A public hearing by the House Ethics Committee begins Thursday morning as lawmakers look into the alleged lobbying activities of Representative Nikki Haley before she was elected governor.
At issue was whether she crossed ethical lines when she served in the House (2005-2010) and worked as a paid consultant for Wilbur Smith engineering firm and Lexington Medical Center– both had interests in state contracts and active legislation. Haley also worked as a fundraiser for Lexington Medical Center Foundation.
Haley reportedly made about $110,000 working for the hospital’s foundation and about $42,000 working for Wilbur Smith.
After the House panel decided to re-open the case, they called a list of witnesses including the hospital’s CEO and other officials, a former DHEC commissioner, an official with CDM Smith (formerly Wilbur Smith) and the man who brought the initial complaint, Republican activist and Haley critic John Rainey.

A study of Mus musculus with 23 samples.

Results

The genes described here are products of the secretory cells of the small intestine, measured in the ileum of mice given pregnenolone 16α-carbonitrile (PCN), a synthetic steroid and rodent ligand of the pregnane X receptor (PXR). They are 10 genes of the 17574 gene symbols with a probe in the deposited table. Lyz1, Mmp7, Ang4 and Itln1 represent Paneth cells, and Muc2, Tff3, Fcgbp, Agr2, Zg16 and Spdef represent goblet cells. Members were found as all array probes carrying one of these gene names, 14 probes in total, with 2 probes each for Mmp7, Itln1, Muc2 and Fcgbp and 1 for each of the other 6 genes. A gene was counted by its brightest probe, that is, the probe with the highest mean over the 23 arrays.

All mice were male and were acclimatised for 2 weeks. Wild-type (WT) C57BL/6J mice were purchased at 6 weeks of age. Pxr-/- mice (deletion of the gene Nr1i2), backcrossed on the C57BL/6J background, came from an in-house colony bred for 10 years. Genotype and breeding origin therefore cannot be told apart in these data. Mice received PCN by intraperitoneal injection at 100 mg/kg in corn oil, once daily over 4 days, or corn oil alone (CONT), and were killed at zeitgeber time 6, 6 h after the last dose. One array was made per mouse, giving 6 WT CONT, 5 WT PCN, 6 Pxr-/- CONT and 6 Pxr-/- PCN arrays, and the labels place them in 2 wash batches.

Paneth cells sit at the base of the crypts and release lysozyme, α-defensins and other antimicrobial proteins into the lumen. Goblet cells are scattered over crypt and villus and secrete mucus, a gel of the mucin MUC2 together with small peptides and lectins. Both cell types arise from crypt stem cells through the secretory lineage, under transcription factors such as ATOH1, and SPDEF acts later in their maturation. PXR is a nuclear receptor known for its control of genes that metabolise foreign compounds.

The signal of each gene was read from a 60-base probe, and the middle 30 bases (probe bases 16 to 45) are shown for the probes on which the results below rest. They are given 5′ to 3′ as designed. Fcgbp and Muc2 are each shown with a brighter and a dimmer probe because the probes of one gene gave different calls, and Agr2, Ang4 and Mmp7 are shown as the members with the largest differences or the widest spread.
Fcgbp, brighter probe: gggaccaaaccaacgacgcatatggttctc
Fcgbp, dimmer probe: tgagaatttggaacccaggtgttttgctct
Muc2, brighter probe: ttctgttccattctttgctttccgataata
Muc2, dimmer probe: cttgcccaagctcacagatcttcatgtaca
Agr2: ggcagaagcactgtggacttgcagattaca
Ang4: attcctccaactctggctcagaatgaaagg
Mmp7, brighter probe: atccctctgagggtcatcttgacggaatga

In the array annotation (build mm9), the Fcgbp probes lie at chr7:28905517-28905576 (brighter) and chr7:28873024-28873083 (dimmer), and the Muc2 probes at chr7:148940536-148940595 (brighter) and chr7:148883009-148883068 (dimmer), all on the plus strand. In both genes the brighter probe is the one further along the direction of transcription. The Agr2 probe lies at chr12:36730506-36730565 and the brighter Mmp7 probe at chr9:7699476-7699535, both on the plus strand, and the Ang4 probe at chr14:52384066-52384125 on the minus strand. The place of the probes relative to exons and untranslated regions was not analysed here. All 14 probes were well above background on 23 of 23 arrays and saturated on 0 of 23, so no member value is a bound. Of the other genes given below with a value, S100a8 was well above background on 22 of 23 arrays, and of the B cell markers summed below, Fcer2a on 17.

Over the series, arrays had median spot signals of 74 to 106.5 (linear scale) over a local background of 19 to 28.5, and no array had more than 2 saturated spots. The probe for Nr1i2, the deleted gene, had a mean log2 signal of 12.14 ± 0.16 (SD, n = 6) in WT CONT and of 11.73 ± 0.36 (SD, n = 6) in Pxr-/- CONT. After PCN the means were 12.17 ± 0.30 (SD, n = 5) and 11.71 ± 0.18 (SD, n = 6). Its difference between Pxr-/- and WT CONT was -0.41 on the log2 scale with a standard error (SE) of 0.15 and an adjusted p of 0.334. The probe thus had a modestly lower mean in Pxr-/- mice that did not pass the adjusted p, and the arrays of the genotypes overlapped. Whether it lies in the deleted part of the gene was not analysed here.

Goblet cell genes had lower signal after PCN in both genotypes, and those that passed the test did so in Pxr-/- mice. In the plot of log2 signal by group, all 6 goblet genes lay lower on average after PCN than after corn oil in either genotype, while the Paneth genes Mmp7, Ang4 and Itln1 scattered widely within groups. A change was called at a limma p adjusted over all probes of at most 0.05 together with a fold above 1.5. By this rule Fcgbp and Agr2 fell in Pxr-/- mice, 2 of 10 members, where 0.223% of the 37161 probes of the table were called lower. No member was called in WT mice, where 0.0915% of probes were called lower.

Thursday, the six-member panel will question witnesses and can call the governor to testify. She has not been subpoenaed, according to a House spokesman.
The penalties range from a reprimand to potential jail time if ethics laws were broken.
Gov. Haley has called Rainey’s complaints against her “a political vendetta.” She has also accused House Speaker Bobby Harrell (who led the House when she was there) of unfairly influencing the investigation.
Harrell’s answer in a statement: “Given the governor’s claim that there is no validity to these charges, combined with the extreme measures and false accusations now being employed by Gov. Haley, one can only wonder why” Harrell said. “Why to this level? What does Gov. Haley have to hide?”
This is the first time in Palmetto State history that the panel has looked into a governor’s activities that took place before they were governor.